The Republic of Austria signed the Mine Ban Treaty on 3 December 1997 and ratified it on 29 June 1998, becoming a State Party on 1 March 1999. In 1996, Austria enacted legislation to implement the Mine Ban Treaty domestically.
Austria has attended most meetings of the treaty, including the Third Review Conference in Maputo in June 2014 and the Seventeenth Meeting of States Parties in Geneva in November 2018, where it provided statements on victim assistance and implementation of Article 5. Austria also attended the intersessional meetings in Geneva in May 2019. Austria submits annual Article 7 transparency reports.
Austria served on the Standing Committees on the General Status and Operation of the Convention (2001–2003), Victim Assistance (2005–2007, 2014), Cooperative Compliance (2016), and Article 5 Implementation (2018–2019) and was the president of the First Review Conference in 2004 and the Sixteenth Meeting of States Parties in 2017.
Austria is party to the Convention on Conventional Weapons and its Amended Protocol II on landmines and Protocol V on explosive remnants of war. It is also party to the Convention on Cluster Munitions.
Production, use, transfer, and stockpiling
According to the Austrian Chamber of Commerce, there has been no production of antipersonnel mines in Austria since 1945. Reference works indicate that Austria has produced as many as 14 different types of directional fragmentation antipersonnel mines, as well as the SPM 75 (ARGES) bounding antipersonnel mine. Companies involved in production have included Hirtenberger AG, Sudsteirische Metallindustrie GmbH (SMI), Dynamit Nobel Graz (formerly Dynamit Nobel Wien), and Armaturen-Gesellschaft BmgH (the SPM 75 bounding mine). Exact data about the past production of antipersonnel mines is not available.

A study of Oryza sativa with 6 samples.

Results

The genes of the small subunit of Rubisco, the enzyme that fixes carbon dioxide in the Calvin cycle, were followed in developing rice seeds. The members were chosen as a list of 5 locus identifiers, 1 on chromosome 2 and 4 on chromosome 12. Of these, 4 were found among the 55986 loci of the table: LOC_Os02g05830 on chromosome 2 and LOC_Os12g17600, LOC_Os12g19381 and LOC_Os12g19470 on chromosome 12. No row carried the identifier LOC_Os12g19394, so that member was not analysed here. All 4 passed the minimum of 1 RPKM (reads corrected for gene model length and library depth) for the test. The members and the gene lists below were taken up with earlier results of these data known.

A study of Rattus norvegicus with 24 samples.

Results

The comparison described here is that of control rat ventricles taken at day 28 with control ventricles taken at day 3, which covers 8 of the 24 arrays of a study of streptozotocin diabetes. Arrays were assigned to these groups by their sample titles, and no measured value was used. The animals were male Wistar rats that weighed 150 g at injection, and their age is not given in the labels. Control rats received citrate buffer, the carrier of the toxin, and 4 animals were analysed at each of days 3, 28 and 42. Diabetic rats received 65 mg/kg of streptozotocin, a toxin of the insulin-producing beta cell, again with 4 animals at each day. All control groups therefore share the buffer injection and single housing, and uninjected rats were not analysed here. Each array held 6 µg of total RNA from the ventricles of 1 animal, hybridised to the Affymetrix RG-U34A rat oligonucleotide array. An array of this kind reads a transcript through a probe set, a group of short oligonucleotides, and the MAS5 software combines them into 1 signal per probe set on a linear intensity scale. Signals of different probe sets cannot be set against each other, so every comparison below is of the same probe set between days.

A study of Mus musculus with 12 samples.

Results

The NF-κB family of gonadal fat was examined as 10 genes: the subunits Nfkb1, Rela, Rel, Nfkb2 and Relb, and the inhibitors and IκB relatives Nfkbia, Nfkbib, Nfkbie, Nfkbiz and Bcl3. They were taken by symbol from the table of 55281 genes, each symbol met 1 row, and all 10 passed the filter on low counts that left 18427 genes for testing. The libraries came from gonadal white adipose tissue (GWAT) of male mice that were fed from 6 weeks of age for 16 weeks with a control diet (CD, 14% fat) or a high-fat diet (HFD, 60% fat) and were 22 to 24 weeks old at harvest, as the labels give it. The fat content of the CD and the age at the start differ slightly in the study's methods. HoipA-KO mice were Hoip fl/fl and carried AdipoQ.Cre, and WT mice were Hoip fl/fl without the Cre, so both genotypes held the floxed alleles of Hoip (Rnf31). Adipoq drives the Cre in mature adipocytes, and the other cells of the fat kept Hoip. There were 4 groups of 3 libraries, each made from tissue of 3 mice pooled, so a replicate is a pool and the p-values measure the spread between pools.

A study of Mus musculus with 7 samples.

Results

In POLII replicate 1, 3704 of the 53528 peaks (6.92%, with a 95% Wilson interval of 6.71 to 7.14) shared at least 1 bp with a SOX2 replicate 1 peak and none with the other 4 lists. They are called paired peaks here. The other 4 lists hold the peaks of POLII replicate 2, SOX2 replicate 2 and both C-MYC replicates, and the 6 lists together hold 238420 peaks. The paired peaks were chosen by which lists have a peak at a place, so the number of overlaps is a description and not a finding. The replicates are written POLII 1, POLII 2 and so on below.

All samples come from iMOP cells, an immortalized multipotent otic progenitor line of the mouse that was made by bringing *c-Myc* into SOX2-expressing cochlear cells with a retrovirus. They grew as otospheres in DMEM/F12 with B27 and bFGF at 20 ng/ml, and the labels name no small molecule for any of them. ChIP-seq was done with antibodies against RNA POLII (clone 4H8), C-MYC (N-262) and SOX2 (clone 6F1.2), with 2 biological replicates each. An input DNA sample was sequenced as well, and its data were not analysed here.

Production, export, and use of antipersonnel mines were formally renounced in September 1995. This was superseded by the domestic ban law.
It is uncertain if, or to which countries, Austria exported its SPM 75 bounding mine.
In 1996, Austria destroyed its stockpile of antipersonnel mines, including 116,000 M14 mines from the United States and small quantities of prototypes. Austria did not retain any antipersonnel mines for training.
 Federal Law on the Prohibition of Antipersonnel Mines, 10 January 1997.
 Telephone interview with Hans Hamberger, 4 March 1999.
 See for example, Eddie Banks, Antipersonnel Mines: Recognizing and Disarming (London: Brassey’s, 1997) pp. 45–59; and annual volumes of Jane’s Military Vehicles and Logistics.
 Telephone interview with Mr. Schnabl, Austrian Ministry for the Interior, Head of the Department II/13 (Kriegsmaterial), 4 March 1999.